A trip to New Zealand gave an aspirational young Filipino woman the opportunity to pursue a new career that she never thought was possible.
In September 2015, Lisle Sia took her first steps into a teaching kitchen at Auckland Hotel and Chefs Training School (AHCTS) and her dream to become a chef started to come true.

“I loved baking, but I didn’t know very much about other cookery and I knew I needed to learn this,” says Lisle.
Cooking for family and friends was very different from preparing multiple innovative and high-end dishes for a restaurant, and undertaking formal cookery training transformed Lisle’s hobby into a career.

At the boutique chefs’ school, students learn everything from the basics through to more complicated tasks, which prepares graduates for professional cooking.

“Our chef tutor gave us a good idea of what to expect when we started working in a commercial kitchen.”

Lisle’s cookery training included work experience at a leading Auckland restaurant where she developed her skills during the practical experience.
In New Zealand, demand for quality hospitality staff is so great that a year after commencing training, Lisle started part-time employment at a popular refurbished hotel, Naumi Auckland Airport.

“I was a demi chef and covered some night shifts, doing à la carte cooking.”

The hotel executive chef, Luke Bottner taught Lisle when he tutored at AHCTS and he knew her cookery skills and work ethic would be valuable in his kitchen.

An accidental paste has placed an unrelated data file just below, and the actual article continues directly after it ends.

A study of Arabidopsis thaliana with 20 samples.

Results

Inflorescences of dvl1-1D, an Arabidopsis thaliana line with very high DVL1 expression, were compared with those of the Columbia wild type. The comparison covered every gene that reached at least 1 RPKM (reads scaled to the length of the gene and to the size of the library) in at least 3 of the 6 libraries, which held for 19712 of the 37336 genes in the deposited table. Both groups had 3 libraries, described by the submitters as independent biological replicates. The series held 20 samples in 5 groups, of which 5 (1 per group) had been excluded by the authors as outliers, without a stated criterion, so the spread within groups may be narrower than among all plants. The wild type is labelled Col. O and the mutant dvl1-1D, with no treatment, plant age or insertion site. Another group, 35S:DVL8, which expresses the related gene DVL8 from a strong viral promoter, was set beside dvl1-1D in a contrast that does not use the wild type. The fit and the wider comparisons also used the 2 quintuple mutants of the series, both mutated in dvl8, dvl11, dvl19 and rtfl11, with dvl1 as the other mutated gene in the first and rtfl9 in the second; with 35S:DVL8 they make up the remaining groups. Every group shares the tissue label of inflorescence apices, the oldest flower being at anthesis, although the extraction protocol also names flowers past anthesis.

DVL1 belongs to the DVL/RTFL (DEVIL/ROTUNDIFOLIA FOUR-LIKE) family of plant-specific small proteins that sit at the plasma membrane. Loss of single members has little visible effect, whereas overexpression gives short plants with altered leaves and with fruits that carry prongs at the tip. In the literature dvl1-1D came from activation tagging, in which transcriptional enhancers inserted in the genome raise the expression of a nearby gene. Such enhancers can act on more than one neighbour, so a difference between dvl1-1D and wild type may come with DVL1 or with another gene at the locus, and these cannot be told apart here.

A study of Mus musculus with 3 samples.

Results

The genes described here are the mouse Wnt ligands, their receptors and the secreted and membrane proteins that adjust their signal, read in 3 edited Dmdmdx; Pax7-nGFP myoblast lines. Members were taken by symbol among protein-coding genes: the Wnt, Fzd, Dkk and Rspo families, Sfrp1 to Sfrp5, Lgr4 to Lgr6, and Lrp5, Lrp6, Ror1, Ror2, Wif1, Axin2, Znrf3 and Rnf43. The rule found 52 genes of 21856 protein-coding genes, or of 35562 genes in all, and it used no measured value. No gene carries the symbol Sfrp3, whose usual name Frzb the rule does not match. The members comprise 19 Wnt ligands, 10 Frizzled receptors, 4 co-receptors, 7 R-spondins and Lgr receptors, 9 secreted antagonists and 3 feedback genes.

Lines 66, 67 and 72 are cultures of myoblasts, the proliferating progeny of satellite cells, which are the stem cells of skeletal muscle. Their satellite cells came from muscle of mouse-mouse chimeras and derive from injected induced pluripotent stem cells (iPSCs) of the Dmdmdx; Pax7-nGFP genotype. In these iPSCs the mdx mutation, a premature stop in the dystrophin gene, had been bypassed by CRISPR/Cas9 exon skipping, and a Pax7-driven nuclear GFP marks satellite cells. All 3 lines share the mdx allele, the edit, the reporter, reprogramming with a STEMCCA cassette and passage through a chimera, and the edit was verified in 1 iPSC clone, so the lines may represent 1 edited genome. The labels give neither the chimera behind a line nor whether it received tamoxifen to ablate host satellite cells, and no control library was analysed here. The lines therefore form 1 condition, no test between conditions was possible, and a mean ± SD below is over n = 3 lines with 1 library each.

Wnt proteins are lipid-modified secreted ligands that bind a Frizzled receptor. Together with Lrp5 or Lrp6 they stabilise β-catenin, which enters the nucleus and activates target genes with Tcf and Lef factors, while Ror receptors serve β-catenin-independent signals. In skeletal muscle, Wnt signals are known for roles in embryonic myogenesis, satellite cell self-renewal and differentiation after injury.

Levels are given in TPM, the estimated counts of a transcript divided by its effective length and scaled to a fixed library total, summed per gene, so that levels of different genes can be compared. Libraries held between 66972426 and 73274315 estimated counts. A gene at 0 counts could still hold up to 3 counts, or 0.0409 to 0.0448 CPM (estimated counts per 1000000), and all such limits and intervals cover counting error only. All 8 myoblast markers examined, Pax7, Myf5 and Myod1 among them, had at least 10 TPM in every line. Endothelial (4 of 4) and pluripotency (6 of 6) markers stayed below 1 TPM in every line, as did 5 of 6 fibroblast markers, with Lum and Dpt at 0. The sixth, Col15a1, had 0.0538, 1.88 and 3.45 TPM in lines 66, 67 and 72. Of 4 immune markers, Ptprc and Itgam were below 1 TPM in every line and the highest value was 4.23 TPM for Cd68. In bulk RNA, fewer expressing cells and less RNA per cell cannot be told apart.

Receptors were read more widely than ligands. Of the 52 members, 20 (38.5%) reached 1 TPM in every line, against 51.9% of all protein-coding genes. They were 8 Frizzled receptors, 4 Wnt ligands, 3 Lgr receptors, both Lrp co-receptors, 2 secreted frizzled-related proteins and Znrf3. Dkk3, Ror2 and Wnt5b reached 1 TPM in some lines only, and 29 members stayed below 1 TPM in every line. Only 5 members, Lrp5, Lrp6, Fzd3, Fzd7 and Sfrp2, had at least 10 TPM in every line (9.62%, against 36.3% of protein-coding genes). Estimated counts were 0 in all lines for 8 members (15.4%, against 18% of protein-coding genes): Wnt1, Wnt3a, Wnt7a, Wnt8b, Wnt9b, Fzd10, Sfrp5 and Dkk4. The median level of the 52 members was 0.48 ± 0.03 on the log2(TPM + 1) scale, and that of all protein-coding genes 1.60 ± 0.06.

By August 2017, the young Filipino graduated from AHCTS having completed a New Zealand Certificate in Cookery Level 4 and a New Zealand Diploma in Cookery Advanced (Level 5).
Now, Lisle is considering where to specialise.

Pastry and baking remain her favourite disciplines, but she feels she still has a lot to learn about general cooking.
With a Filipino background, Asian-style dishes come naturally to her, but European cuisine is still a culinary art that Lisle is keen to develop further.

“When I go out for dinner I’m always looking at a dish and wondering how did they make it and that process really excites me.”

Luke says there are great opportunities for well-trained chefs in New Zealand.

“It is important students learn cookery at a school where tutors have real experience in repsected restaurants and commercial kitchens. For an aspiring chef – it’s commitment, it’s dedication, where you want to go from the bottom to the top one day.”